Our children will have the opportunity to make a “gazillion” choices about a “bazillion” things in the course of their life. We know what they don’t…you will never know beforehand the full consequences of the choices we make. (Dealing with the unintended consequences of our choices is the lot in life for those of us who don’t possess divine omniscience!). That being the case, it is to our children’s benefit to develop the kind of habits of life and thought that will direct them rightly as they make their way through life.
Let me suggest three areas I believe are vital to accomplishing that goal.
A child needs to learn how to be content and thankful. These are “two sides of the same coin.” Children are naturally self-centered. It is, to use a computer metaphor, their “default mode.” No child ever had to be taught how to be selfish, how to think more of themselves than they do of others, or be instructed in the correct way to be self-centered. It comes naturally. I am of the opinion that all children need to learn the lyrics to the song by the Rolling Stones, “you can’t always get what you want, but if you try sometime you just might find, you got what you neeeeeed.” Children are born with a ‘me-o-centric’ view of life. What makes me happy? What does “me” want at this moment? How can you please me? They need to be shown and taught how to overcome themselves.
Contentment is a habit of the mind made evident by our words and deeds. Gratefulness and thankfulness, expressed, is the fruit of contentment. Finding reasons to be thankful is a habit to be acquired, practiced, and verbalized. Our natural human predisposition is to find fault and complain. We see that in ourselves. It’s easy to find fault because we all fail so often. Demonstrating a habit of contentment and thankfulness before your child AND having them practice the habit (yes, practice: eg, “thank you mommy for fixing my breakfast”) will incline them to adopt it as a lifelong habit.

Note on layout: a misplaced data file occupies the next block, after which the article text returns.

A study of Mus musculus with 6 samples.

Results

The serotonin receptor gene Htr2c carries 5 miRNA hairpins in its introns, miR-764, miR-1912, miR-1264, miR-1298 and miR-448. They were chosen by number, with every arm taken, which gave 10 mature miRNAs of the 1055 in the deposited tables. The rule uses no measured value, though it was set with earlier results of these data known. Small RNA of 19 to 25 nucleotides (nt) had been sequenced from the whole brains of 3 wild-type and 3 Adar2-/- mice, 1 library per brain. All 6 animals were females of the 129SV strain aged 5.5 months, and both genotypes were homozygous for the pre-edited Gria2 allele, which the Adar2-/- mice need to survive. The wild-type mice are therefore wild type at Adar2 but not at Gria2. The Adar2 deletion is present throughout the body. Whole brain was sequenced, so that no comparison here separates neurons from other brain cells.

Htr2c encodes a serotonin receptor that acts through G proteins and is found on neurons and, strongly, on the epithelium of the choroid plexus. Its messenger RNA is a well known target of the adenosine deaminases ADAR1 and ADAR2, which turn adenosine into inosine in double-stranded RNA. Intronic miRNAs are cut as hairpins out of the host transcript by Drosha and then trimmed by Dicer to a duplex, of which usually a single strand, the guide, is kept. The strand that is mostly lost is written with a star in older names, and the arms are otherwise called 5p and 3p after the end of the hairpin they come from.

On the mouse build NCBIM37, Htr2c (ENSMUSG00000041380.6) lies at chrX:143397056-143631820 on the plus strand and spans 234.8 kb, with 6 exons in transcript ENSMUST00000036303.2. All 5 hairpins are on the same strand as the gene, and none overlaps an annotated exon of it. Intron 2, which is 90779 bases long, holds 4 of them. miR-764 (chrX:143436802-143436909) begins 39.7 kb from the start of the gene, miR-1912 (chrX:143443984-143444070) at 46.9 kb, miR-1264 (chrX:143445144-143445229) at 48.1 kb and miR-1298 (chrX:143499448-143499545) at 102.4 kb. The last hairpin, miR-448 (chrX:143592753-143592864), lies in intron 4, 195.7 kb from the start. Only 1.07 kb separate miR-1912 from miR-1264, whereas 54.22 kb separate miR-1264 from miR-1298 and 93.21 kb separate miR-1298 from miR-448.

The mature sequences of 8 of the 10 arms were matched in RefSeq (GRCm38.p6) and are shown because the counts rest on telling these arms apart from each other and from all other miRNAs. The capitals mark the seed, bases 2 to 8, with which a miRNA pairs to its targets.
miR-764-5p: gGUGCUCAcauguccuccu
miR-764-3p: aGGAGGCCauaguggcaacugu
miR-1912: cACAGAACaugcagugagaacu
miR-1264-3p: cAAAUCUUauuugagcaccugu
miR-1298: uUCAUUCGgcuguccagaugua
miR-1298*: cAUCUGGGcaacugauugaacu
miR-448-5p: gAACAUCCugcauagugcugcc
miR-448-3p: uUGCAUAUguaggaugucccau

Children need to learn how to joyfully submit to authority, even when they don’t like it. Grudging submission is the way of us all. You see it regularly. So do we. “Son, it’s time to brush your teeth and go to bed.” So he walks down the hall with arms folded almost stomping each step saying, “Ooooo-kay.” While children are small, obedience is easy to enforce. But when he or she is 15, taller than you, looks you in the eye, and says “make me” it’s another story all together. Teach, no, first SHOW your child what joyful submission looks like. That means to do the thing you don’t want to do, with a thankful heart and a joyful attitude expressing thanksgiving to God for all that He has given you. Or, go ahead and tell your child to do what I say, not do what I do.
Finally, a child needs to learn self-control. (Reread the verse above.) Building the habits of self-discipline builds strength of character. Do you have a remote control for a television? Children learn very quickly that “pushing the pause button,” means to stop for a while. For example, teach them to do the same thing when they are upset before they use angry words. Once a word has been spoken, it cannot be taken back. Have them walk to your remote control, pick it up, and push the pause button. Let it be their reminder to be “slow to speak and slow to anger.” Does your child interrupt you during a conversation? Teach them to place their hand on your wrist and wait until you acknowledge them. This tells you they want to talk, are seeking to be respectful, and shows honor to you.
Practice may not make us “perfect” but it will enable us, and our children, to acquire greater proficiency at the important skills we need for life.